Presentation Title

Determination of Ombrotrophy in the Blaauw Eco Forest Through Core Sampling, Atomic Absorption Spectroscopy, Groundwater Level Monitoring and Peatland Species Mapping

Format of Presentation

Poster to be presented Friday March 31, 2017

Abstract

Determining whether a wetland is ombrotrophic or minerotrophic is foundational for further studies of that area. Wetlands with fibrous material in the soil known as peat are called as peatlands. Most peatlands can be categorized along a minerotrophic (nutrient rich) to ombrotrophic (nutrient poor) spectrum depending on hydrology, vegetation and nutrient content. In a study in 2012 a wetland was discovered in the northeastern corner of the Blaauw Eco Forest in Glen Valley just east of Fort Langley, B.C. and subsequent research in 2014 revealed it was a peatland. The center of the peatland was determined using elevation readings from Air Borne GPS and HP data from a mapping study in 2008 and the border was determined with readings from GPS handheld equipment and GIS software from 2016. In order to determine whether this specific peatland is ombrotrophic or minerotrophic, flame atomic absorbance spectroscopy will be used to analyze calcium and magnesium concentrations in core samples taken along a transect within the bog. Vegetation composition will also be assessed to further support the peatland type. Results are expected to indicate the property is ombrotrophic since there are many of these types of bogs near the Fraser River. If the area is indeed ombrotrophic, the unique properties of these bogs open opportunities for students to investigate paleological studies of pollen, vegetation fossils, carbon dating, amoebas and unique peatland ecosystems.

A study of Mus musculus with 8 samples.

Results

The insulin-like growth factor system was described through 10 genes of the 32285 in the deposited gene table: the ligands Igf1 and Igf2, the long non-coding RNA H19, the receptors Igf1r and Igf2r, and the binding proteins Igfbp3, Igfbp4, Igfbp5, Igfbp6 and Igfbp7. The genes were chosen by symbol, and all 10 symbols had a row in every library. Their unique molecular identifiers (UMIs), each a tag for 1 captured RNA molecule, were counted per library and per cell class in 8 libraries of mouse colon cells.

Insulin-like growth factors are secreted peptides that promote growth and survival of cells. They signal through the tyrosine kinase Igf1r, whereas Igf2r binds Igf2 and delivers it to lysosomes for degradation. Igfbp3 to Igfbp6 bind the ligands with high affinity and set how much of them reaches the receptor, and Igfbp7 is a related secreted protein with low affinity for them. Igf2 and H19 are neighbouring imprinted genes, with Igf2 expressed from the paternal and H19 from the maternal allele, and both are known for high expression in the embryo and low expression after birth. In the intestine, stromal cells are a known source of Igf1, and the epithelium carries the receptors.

Department

Environmental Science

Faculty Advisor

David Clements

This document is currently not available here.

Share

COinS
 

Determination of Ombrotrophy in the Blaauw Eco Forest Through Core Sampling, Atomic Absorption Spectroscopy, Groundwater Level Monitoring and Peatland Species Mapping

Determining whether a wetland is ombrotrophic or minerotrophic is foundational for further studies of that area. Wetlands with fibrous material in the soil known as peat are called as peatlands. Most peatlands can be categorized along a minerotrophic (nutrient rich) to ombrotrophic (nutrient poor) spectrum depending on hydrology, vegetation and nutrient content. In a study in 2012 a wetland was discovered in the northeastern corner of the Blaauw Eco Forest in Glen Valley just east of Fort Langley, B.C. and subsequent research in 2014 revealed it was a peatland. The center of the peatland was determined using elevation readings from Air Borne GPS and HP data from a mapping study in 2008 and the border was determined with readings from GPS handheld equipment and GIS software from 2016. In order to determine whether this specific peatland is ombrotrophic or minerotrophic, flame atomic absorbance spectroscopy will be used to analyze calcium and magnesium concentrations in core samples taken along a transect within the bog. Vegetation composition will also be assessed to further support the peatland type. Results are expected to indicate the property is ombrotrophic since there are many of these types of bogs near the Fraser River. If the area is indeed ombrotrophic, the unique properties of these bogs open opportunities for students to investigate paleological studies of pollen, vegetation fossils, carbon dating, amoebas and unique peatland ecosystems.